There are three basic types of businesses: those which are driven by products, those which are driven by markets, and those which are driven by media.
These are the businesses or organisations which survive and expand simply because they produce something which a large body of people need - supermarkets, doctors’ surgeries, state schools are all examples of this type. They automatically have a large enough market to get by without particularly needing to advertise or seek out new public. Business just comes to them because they have certain basic products which they make available at an affordable, or no, cost.
These businesses or organisations are ones which survive and expand because they actively seek out and acquire new customers, such as Argos or Ikea. People don’t actually NEED the products they offer as such, but they can be made to WANT them - and to want them from that particular business, not a competitor’s.
Aggressive marketing and swift and effective delivery are used in this sector to gain enough customers to expand.
Many businesses are in this category - perhaps even the majority - and many fail precisely because they don’t correctly estimate the amount that they have to market themselves to get enough business, and then fail to provide what is needed and wanted fast enough or to a sufficiently high quality.
9 out of 10 small businesses fail in the UK largely due to this factor alone.
There’s a third category - those businesses driven almost solely by media. These businesses produce things which aren’t vital at all but which are so hyped up through massive media campaigns and clever positioning that they become ‘part of the furniture’ of a culture, Coca-cola, MacDonald's and most of the modern music industry being prime examples. People really don’t NEED their products. In the case of Coke, the product is even poisonous, but such is the worldwide PR domination that the product is in demand all over the world.
These businesses require huge advertising, develop themselves extensively as ‘brands’ and tend to go for youth markets which then ensures that, as their loyal customers grow up, they work themselves into the mainstream culture and develop a momentum of their own.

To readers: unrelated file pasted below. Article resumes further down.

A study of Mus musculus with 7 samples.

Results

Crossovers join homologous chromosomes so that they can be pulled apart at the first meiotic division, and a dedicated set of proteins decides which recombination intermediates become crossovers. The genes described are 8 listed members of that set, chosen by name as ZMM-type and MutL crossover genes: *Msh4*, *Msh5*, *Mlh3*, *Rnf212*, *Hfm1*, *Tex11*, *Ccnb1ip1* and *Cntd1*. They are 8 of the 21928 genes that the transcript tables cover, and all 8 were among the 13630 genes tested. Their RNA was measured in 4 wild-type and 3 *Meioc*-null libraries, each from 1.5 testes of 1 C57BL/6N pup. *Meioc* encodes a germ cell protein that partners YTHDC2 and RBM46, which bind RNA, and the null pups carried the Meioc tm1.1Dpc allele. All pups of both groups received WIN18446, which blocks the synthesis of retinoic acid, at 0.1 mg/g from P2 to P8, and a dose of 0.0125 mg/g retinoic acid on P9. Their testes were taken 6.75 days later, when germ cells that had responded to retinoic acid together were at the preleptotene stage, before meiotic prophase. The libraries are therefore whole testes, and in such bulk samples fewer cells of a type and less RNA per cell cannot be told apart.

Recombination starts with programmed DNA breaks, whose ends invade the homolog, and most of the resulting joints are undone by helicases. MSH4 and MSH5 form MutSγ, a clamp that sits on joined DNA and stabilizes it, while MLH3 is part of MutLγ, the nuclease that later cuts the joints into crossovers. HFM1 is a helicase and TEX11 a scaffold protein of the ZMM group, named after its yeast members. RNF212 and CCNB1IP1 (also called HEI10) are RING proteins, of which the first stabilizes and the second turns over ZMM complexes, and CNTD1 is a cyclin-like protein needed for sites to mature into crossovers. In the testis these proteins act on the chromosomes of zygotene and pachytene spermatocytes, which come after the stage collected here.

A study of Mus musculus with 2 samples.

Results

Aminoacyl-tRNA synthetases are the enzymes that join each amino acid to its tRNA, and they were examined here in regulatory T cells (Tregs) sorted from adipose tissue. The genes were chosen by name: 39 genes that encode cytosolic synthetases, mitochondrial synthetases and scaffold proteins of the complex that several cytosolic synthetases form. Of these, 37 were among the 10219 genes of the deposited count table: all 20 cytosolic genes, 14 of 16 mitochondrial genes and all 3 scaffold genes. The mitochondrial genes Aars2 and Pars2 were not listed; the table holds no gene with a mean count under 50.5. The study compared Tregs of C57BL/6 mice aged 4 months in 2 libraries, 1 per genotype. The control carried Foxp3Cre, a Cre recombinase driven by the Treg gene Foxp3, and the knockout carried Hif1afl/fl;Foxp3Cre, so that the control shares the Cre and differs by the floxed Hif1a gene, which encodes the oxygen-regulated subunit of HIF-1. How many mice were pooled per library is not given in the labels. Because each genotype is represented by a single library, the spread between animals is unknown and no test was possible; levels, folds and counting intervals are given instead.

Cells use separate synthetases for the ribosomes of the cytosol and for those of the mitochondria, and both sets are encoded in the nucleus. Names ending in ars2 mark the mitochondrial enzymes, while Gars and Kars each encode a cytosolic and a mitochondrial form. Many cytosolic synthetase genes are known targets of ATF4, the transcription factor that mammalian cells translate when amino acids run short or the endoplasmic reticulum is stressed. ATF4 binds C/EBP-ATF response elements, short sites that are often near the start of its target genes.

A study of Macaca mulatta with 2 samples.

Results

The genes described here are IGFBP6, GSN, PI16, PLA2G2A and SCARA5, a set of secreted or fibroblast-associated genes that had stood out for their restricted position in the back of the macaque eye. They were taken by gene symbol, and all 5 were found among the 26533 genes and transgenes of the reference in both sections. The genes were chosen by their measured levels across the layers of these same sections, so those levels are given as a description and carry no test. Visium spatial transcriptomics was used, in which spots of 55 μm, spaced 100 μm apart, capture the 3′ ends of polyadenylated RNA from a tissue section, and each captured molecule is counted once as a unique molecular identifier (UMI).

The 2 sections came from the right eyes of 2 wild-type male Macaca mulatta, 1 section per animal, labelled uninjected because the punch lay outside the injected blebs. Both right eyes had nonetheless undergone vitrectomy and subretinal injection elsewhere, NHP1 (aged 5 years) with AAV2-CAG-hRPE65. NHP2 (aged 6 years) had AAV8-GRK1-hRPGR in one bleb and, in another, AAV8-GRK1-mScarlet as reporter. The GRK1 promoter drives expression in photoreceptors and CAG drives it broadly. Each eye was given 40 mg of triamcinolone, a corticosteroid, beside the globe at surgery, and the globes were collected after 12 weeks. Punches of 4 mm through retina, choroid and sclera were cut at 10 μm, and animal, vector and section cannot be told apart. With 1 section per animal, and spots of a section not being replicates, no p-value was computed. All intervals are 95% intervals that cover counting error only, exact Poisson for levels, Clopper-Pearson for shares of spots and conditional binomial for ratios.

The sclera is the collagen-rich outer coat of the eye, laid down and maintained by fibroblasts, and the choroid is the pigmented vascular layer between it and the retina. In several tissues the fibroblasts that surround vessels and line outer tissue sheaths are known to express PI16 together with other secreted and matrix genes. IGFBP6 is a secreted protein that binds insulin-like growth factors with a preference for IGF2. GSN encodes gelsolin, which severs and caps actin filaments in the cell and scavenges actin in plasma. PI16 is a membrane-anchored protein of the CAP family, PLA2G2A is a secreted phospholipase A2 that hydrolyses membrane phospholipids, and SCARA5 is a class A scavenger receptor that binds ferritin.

Of the last two categories, your business probably falls more into number 2, market driven: you will survive ONLY if you can capture enough of a market share.
Your customers may additionally be hard to acquire because a very similar service, often with better material facilities, is available in the community in some form. So you have to offer something really special, something really tempting, in order to persuade wavering customers that you are worth the amounts of money you charge in comparison to what is available to them out there.
This means continuous and clever marketing on your part, always seeking new publics, always hunting out new contacts, and then absolutely servicing those people when they arrive so that they don’t waver and drift back to a competitor. It’s a constant battle.
If you fall into the trap of thinking of yourselves as part of the first group - product-driven - then you will fail to estimate the effort required and drop out of business.
To some extent, marketing gets a bad name from those guys in group 3, who are constantly banging on about goods and services which are often dubious and without substance. Your marketing has to be REALLY clever and fantastically wise to bypass the human emotion and reactions which might arise in your potential customers.
That’s one really good reason why you have to know exactly what makes you different, what makes you ‘sell-able’, what makes you more worthwhile than the average, despite the things which you might visibly lack. And then you have to strike those points again and again and again until your potential customers see you and reach for you.
It’s so EASY to think that you have a public automatically, who will just keep on turning up because you provide something they need.
But you’re not.
You have a public which has to be fought for. They have to battled over EVERY DAY, in every way you can think of. You literally cannot afford to be complacent. You are (probably) a market driven business - your customers are NOT automatic. They don’t NEED you - they can easily go elsewhere. You have to create the desire, market the special qualities, service them beyond their expectations, look after them at every point of contact -or YOU WILL LOSE THEM.
That’s the game that you’re playing, like it or not, if you’re in business. Every single customer who walks through your doors or visits your website is a hard-fought acquisition who you could lose as easily as a mis-placed word. You probably have fierce competitors around you in your field.
So get sharp.
Recognise that yours is a market driven organisation and you have a part to play in acquiring and keeping sufficient share of the market. Luckily, you probably really do have something special to offer which makes it worth all the effort.